HOW TO MOVE HOME: if you've never been there before. PART 1
"HOW TO MOVE HOME: if you've never been there before," is a short series on the blog Fancy Deli about why, after almost a decade, I left New York City for Sacramento, California.
Eight years ago I responded to a short Craigslist ad: "one bedroom with a private yard" plus an almost inscrutable photo of a small window with a fire-escape beyond it. I would have skipped right over it had it not been for the location. Or, as they say in real estate, the "location. location. location." It was the very same block I stood on the moment I decided to uproot everything and move to New York City. As Didion put it, "the mysterious nexus of all love and money and power, the shining and perishable dream itself."
The woman who wrote back from the ad said if I couldn't come today, I shouldn't bother coming at all. She was sure someone would "snap it up" before tomorrow. I was living in Boston with a boyfriend, who I raced over to the Chinatown bus to go and see it. Then I hovered by my cell phone, praying he'd make it in time. The apartment, he revealed upon arrival, was actually a studio unit with a window you could crawl through, and down the fire escape from, into the unused backyard of the chiropractor downstairs. It was expensive, yet crumbling. It had some original architectural details due to it having never been updated, in about a century, beyond sloppily carving the single family home into three apartments. It had a kitchenette in the front, a bathroom in the back, and that was pretty much that.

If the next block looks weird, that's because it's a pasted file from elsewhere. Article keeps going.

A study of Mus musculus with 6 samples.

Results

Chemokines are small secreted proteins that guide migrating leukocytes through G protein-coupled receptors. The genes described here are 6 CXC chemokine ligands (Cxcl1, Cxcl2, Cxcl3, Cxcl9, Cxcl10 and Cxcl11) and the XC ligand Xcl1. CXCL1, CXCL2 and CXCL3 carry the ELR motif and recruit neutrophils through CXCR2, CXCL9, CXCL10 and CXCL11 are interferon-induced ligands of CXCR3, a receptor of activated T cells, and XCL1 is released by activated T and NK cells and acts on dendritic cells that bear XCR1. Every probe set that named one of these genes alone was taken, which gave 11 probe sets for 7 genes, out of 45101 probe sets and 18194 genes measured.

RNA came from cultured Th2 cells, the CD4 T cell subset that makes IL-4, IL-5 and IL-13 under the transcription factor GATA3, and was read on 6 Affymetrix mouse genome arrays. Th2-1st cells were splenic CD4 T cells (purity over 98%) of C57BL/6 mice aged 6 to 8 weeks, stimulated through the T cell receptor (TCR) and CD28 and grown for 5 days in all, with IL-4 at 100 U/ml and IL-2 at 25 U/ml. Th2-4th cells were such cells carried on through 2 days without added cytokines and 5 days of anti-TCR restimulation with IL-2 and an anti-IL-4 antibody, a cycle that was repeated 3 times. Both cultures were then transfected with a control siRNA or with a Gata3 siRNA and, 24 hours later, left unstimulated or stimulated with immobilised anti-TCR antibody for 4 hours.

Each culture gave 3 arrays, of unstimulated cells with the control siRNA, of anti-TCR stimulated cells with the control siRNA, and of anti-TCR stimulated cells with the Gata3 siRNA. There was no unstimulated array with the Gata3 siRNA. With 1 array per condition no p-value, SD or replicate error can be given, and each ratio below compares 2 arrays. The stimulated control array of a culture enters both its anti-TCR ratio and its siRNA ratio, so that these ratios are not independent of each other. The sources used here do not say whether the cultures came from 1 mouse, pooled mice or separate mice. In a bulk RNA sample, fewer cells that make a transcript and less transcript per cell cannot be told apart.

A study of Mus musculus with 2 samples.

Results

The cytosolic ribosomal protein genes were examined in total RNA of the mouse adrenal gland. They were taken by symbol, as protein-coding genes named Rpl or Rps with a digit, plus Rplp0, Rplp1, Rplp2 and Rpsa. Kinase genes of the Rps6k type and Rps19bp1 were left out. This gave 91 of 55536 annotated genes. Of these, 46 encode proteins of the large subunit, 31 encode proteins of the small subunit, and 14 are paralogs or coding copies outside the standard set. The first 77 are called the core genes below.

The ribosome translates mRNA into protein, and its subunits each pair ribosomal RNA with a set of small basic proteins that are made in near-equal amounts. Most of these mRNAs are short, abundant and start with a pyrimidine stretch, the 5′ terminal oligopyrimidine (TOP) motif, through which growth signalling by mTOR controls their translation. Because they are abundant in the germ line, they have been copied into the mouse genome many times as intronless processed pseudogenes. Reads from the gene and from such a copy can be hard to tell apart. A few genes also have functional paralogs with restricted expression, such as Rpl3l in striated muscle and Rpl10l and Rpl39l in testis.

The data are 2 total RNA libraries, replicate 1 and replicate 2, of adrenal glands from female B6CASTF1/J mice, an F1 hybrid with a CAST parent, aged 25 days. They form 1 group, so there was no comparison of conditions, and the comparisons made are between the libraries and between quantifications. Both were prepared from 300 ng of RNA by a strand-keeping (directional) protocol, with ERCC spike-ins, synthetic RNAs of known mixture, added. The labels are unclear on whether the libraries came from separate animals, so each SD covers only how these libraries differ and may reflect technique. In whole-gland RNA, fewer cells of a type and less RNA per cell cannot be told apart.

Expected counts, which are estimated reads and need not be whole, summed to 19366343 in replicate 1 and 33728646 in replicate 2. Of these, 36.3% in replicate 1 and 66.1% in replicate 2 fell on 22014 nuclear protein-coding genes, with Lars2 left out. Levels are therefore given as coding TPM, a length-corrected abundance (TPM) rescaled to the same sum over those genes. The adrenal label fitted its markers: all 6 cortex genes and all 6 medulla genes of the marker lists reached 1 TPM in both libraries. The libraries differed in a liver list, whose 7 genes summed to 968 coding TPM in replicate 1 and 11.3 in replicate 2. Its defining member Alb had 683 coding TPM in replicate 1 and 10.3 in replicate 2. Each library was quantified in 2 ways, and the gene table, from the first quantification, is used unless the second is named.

But the neighborhood: it was in tree-lined, a cornucopia of blended couples wearing bi-racial babies, and deeply, to the bone authentically, hip. It was a neighborhood you dressed up for, where a trip to the bodega felt like crossing a stage. It was a brownstone among row after row of brownstones, all of which looked straight out of an episode of sesame street, except grander. We gave the property manager a certified check for three months rent, packed everything we owned into my Volkswagen (in a thunderstorm no less) and drove to York City. We arrived exhausted, got our keys from a dreary Chinese take-out place next door, and slept on the lumpy wood floor. I woke up to the cacophonous bustle of Brooklyn at day break and went immediately to the bald front window, thrilled and wide-eyed as a child. I saw our car, with everything we owned inside it, had been towed: Welcome to New York.